Danny Duffy has been open to moving to the bullpen but given his performance in September, the Kansas City Royals may be forced to keep him in the rotation.
Up until Danny Duffy headed to the injured list with a strained hamstring, the 30-year old Kansas City Royals starting pitcher was having an underwhelming season with a 4.93 ERA in 100.1 innings of work. He was allowing opponents to bat 0.269 off him and an 0.818 OPS.
Earlier this year, Duffy had indicated that he was open to moving to the bullpen next season if the Royals felt that was best for his longevity. He need not look any further than his teammate Ian Kennedy, who was moved from the starting rotation and has experienced tremendous success as the team’s closer.
"“I talked to them about it,” Duffy said. “I’d love it. I could do it down there. I’ve done well as a starter in my career, but I’ve done well as a reliever. I’ve thrown that idea around.” – MLB"
Duffy has not made an appearance out of the bullpen since 2016 but the numbers are definitely there to support the move. In 34.2 innings, Duffy has a 2.08 ERA (11.4 K/9, 0.26 HR/9) as a reliever with an opponents’ slash line of 0.205/0.271/0.276 and has allowed just one home run. For comparison’s sake, Duffy has a career 4.04 ERA (7.78 K/9, 1.12 HR/9) and an opponents’ slash line of 0.253/0.324/0.413 in 1020.1 innings as a starter.
Statistics actually show that Duffy should have a worse ERA than he actually does a starter considering he has a 4.26 FIP which likely points to some luck being involved. Prior to his return from the injured list, it looked like a no-brainer, until Duffy’s month of September. In all, Duffy tossed 30.1 innings while striking out 25 batters, spinning a 2.37 ERA, and allowing opponents to hit just 0.185 off him. Statistically, it was the best final month of the regular season that Duffy had ever had.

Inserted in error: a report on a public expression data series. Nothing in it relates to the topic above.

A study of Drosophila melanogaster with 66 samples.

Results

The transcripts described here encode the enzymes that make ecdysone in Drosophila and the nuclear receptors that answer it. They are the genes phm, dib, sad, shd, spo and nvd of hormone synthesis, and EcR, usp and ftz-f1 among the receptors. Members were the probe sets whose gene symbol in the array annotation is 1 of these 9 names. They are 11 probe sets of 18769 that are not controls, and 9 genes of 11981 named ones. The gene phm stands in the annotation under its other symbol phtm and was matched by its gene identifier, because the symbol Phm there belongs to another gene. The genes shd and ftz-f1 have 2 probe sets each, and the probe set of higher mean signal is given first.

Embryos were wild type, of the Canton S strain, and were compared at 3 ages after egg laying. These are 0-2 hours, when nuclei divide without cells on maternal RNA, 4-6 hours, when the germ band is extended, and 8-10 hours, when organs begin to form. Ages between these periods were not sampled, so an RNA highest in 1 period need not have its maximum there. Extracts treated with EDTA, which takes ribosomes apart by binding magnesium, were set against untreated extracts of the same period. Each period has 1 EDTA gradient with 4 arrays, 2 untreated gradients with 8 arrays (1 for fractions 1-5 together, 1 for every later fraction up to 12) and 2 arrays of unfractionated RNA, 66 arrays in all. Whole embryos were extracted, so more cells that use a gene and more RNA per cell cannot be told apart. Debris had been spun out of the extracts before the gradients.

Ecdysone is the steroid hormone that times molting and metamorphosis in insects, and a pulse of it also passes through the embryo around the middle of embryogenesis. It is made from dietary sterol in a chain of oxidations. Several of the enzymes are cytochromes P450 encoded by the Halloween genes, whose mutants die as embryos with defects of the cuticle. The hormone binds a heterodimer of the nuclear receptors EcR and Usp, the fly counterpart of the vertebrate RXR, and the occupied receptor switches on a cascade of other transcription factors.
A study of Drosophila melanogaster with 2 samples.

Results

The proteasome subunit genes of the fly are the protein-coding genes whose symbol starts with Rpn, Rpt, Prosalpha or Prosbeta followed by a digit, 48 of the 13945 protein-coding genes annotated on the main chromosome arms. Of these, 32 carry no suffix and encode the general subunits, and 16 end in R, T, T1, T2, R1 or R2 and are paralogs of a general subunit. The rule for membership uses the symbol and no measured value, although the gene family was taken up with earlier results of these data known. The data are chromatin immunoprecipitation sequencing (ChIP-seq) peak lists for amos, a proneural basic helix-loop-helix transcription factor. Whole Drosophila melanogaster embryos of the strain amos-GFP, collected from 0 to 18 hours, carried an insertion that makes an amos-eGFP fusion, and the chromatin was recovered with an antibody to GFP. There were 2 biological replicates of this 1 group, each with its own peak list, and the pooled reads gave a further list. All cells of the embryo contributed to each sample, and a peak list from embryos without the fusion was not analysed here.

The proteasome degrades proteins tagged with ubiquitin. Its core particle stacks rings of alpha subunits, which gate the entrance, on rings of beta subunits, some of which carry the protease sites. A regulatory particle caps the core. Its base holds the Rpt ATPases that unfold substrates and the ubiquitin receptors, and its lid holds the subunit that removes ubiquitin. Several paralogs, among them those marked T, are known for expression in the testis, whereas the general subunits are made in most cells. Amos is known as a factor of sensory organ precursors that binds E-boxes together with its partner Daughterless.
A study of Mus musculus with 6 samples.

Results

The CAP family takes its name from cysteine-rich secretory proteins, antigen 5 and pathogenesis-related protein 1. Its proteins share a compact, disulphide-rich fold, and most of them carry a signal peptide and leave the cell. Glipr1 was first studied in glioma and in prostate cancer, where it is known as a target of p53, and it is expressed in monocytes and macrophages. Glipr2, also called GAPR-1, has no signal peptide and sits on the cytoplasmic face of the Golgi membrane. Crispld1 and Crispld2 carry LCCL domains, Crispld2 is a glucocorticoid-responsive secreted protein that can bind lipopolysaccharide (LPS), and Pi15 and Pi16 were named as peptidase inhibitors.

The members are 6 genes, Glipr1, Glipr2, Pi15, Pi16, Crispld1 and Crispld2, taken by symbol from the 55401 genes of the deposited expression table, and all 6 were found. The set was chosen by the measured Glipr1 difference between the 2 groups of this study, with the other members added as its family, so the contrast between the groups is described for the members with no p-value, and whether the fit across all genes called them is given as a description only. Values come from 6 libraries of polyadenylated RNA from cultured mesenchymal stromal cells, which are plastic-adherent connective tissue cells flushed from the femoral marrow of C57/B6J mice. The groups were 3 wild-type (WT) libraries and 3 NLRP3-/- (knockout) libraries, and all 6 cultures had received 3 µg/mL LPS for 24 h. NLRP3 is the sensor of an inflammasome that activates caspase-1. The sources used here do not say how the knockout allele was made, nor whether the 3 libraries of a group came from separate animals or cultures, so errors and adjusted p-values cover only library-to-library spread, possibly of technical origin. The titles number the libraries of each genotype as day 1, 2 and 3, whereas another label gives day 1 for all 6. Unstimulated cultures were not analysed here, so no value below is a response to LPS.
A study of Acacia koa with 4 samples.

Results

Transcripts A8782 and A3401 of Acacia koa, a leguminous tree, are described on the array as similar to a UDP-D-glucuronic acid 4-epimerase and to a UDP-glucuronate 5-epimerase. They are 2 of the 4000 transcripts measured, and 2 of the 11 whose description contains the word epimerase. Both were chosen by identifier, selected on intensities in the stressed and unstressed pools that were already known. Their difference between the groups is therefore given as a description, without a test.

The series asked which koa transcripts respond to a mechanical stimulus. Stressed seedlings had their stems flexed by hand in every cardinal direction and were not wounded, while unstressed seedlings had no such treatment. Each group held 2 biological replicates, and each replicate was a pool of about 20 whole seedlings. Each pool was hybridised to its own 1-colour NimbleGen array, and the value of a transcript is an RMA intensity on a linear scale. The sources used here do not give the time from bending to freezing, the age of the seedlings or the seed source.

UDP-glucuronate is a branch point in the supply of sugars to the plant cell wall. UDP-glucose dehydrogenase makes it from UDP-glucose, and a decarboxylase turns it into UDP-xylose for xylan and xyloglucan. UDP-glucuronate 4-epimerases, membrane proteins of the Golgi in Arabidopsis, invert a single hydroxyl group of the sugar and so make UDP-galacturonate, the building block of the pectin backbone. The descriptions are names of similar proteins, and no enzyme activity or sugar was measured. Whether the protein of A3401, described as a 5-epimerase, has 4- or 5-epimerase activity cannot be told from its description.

So what ultimately contributed to his success?
It’s actually fairly simple. Duffy rediscovered his changeup in the final month. Per StatCast, he threw 94 changeups in September with nearly all of them coming against right-handed batters, 90 to be exact. And in those at-bats, opponents were able to bat just 0.154 off his changeup and struck out 27 percent of batters with this pitch.
The only other month he experienced similar success with his changeup was in July when opponents batted a ridiculous 0.091 against that pitch. However, his other pitches were not kind to him as he spun a 4.39 ERA in 26.2 innings and allowed opponents to bat 0.282 combined. Had he used his changeup more in July, he might have experienced similar success. Looking at the numbers, he probably should have as he was able to strike out 33 percent of batters with the pitch but only threw 53 changeups for the month, nearly half of September’s total.
If we look back to April 2016 when Duffy was utilized solely as a bullpen arm, he threw 19 changeups and allowed batters to hit 0.474 off that pitch. It would seem that the success of his changeup is not seen in short outings. Duffy was utilized as a starter in June 2016 and allowed opponents to bat just 0.139 off his changeup while throwing that pitch 94 times.
Certainly, the numbers are there to support moving Duffy to the bullpen in 2020 but he would absolutely have to re-think his approach to getting batters out. The same thing happened for Ian Kennedy when he transitioned from the rotation to the bullpen. In 2018, Kennedy threw his changeup 10.2 percent of the time and that has dramatically decreased below 2 percent this year.
The difference is that Kennedy was able to maintain the same opponents’ batting average, but could be a coincidence considering that he threw just 19 changeups all year long versus 211 last season.